As post-Easter exams approach, Life and Style's Jess Howlett shares her tips on how to remain motivated over EasterWritten by Guest Author on 19th March 2018
Fertility Tracking: What’s App-ening?
Phoebe Hughes-Broughton explores whether fertility apps can really be considered a reliable method of contraception
In this day and age there’s an app for everything, so it’s perhaps unsurprising that there’s hundreds of apps that claim to track your menstrual cycle and work as birth control contraceptives. They do this by collecting the data that you input about your period – when it starts, how long it lasts, which days are heaviest – and using that to work out when you are likely ovulating, and basically tell you to not have sex then if you don’t want to get pregnant.
One of the main benefits of these apps is that some women choose to use them as an alternative to hormone-based contraceptives like the pill. If the hormones in these contraceptives cause issues with your periods or your mood, then cutting them out could seem like a great idea – although it is always best to speak to your doctor first. One such woman who has gone down this route is YouTuber Hannah Witton, who has been tracking her journey of coming off the pill in her popular series ‘The Hormone Diaries’, in which she also talks very openly about her experience of these apps.
However, despite their many benefits and their ease of use, these apps do still have their limitations. In particular, even when used effectively they can only stop you from getting pregnant and are definitely not an alternative to barrier methods like condoms for protection against STIs.
“Since they only work by extrapolating from the data you give them, couldn’t you just work out when you’re ovulating for yourself?
Additionally, they can only ever be as good as the data you input. These apps will get better with time, as you give them more information about more cycles and they get to know how your body works, so for at least the first few months of use they shouldn’t be used alongside other methods of contraception. However, this does bring up an interesting point: since they only work by extrapolating from the data you give them, couldn’t you just work out when you’re ovulating for yourself? In fact, you can.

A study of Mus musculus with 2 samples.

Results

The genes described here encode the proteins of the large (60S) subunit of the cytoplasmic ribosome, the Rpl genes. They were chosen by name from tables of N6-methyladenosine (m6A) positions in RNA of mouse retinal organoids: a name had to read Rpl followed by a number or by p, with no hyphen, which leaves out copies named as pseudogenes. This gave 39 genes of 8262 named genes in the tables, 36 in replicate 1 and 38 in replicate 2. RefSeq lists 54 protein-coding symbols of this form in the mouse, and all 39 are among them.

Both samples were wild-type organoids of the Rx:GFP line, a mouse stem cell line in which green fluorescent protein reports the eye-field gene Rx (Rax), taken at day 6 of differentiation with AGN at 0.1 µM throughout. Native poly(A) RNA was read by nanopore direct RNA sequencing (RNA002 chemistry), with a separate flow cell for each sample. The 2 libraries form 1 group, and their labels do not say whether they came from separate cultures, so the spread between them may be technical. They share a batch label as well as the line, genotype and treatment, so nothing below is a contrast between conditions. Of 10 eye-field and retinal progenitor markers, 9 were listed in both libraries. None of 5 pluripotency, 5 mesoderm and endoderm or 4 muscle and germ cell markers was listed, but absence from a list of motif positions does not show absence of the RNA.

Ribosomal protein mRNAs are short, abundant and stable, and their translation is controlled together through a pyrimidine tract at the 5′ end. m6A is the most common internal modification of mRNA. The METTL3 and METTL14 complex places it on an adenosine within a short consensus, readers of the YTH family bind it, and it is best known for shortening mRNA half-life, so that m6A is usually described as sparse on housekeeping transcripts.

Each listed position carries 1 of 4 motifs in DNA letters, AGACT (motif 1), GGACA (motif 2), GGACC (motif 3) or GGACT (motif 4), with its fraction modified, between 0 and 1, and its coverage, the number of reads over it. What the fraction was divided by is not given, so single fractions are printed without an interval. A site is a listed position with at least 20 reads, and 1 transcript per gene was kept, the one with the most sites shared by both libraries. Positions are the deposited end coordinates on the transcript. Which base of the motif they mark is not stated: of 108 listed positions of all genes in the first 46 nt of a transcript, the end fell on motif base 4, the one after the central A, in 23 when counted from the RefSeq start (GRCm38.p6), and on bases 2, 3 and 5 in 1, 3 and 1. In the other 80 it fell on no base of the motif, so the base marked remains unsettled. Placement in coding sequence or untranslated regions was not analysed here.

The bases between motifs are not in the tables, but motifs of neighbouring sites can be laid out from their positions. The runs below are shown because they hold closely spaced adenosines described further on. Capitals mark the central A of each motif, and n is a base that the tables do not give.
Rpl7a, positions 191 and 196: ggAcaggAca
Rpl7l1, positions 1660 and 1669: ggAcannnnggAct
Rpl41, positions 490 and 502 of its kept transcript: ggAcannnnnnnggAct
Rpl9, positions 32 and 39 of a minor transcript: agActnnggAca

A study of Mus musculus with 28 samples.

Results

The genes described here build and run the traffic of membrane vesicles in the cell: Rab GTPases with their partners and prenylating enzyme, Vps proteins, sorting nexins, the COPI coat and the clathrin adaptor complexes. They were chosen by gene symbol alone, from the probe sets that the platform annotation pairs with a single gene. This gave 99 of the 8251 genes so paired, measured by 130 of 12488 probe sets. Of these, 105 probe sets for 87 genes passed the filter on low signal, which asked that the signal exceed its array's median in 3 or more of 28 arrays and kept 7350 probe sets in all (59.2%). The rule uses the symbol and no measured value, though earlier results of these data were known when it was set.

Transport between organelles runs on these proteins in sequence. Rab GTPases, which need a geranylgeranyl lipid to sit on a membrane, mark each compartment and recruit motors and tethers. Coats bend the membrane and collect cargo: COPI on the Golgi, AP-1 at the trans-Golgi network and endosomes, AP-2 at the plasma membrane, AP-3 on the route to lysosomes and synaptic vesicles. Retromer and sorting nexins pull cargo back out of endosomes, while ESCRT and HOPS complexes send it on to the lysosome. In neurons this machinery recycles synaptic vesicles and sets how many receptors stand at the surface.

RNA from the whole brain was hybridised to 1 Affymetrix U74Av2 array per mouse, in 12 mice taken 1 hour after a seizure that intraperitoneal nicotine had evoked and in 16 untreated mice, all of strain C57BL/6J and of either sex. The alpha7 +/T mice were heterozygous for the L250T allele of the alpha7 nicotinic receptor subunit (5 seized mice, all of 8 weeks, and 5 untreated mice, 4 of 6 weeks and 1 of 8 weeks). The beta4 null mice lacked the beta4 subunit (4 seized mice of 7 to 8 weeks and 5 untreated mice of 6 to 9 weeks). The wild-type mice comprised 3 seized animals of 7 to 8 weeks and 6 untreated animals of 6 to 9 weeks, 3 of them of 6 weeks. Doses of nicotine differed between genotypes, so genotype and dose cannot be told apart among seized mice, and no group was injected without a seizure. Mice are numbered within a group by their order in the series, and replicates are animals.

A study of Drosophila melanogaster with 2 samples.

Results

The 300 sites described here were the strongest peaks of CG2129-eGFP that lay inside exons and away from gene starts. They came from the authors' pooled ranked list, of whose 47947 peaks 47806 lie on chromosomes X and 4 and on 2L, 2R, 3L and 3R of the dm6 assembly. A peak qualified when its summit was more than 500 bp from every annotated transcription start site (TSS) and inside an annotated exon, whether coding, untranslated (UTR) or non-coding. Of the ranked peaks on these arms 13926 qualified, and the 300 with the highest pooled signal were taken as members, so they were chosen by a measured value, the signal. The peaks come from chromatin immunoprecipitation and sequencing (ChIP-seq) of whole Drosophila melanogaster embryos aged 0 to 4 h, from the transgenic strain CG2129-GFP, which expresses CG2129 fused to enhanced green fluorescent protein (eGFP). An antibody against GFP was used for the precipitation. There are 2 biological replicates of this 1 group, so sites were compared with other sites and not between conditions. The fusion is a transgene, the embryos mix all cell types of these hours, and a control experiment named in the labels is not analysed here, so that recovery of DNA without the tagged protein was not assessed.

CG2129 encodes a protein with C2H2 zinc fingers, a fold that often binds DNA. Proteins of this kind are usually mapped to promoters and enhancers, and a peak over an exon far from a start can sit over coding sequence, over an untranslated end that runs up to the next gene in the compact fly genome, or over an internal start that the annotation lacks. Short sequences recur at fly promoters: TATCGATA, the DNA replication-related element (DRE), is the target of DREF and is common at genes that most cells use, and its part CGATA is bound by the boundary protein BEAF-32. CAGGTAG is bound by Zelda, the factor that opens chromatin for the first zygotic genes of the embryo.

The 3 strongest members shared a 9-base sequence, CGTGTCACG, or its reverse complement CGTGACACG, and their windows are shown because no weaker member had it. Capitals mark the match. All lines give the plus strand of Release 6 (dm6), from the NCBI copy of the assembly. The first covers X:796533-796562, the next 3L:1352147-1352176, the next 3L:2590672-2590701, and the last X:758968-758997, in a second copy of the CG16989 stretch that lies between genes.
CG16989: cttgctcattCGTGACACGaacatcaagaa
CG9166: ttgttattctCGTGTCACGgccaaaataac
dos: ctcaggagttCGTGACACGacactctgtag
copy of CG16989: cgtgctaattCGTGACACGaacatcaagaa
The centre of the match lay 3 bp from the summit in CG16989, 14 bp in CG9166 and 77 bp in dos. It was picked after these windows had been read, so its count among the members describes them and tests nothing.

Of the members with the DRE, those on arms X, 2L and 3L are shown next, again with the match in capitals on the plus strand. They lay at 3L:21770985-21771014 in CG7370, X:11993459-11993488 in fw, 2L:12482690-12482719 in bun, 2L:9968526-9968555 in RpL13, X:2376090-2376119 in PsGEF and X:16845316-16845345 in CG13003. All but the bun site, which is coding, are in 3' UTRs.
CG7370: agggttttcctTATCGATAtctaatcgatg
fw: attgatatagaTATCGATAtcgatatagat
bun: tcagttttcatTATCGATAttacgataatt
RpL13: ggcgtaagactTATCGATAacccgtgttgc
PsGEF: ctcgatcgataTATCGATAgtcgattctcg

Just a little bit of research tells you that the average menstrual cycle is 28 days, with day one being the first day of your period and day 28 (or however long your cycle lasts) being the day before your next period. Ovulation typically happens 2 weeks before your period, so by tracking your cycle for a couple of months you can work out roughly when you are ovulating and choose to abstain from sex or to use extra protection for a couple of days around this time. Admittedly, though, the idea of a potential pregnancy may make these calculations seem far scarier than they perhaps should be.
So if you do want to use one of these apps, your best bet might be Natural Cycles, the only fertility app that is currently EU-certified as a contraceptive. It costs around £7 a month, which is pricey for an app (especially since other cycle tracking apps like Clue are free), but pretty reasonable compared to condoms. However, it has since been certified that at least 37 women in Sweden have had unwanted pregnancies. On the one hand, this is obviously not ideal, but on the other hand the app argues that this effectiveness rate is pretty typical of any contraceptive (700,000 other women have used it with no problems), and in line with the company’s claim of 93% effectiveness against unwanted pregnancies.
“It still relies on the accuracy of their extrapolation and your ability to abstain or use extra protection while you’re ovulating
If you want a more scientific approach to cycle tracking, apps like Kindara can be connected to a thermometer (costing around £100) that you use to measure your temperature each morning, which helps them to work out when you are ovulating. Despite the technology and the price you pay for it though, the information it gives you is similar to other apps, and it still relies on the accuracy of their extrapolation and your ability to abstain or use extra protection while you’re ovulating.
So, while they might be a fun way to keep track of your menstrual cycle, as contraceptives these apps aren’t necessarily your best bet, and they definitely shouldn’t be used as a replacement for other methods.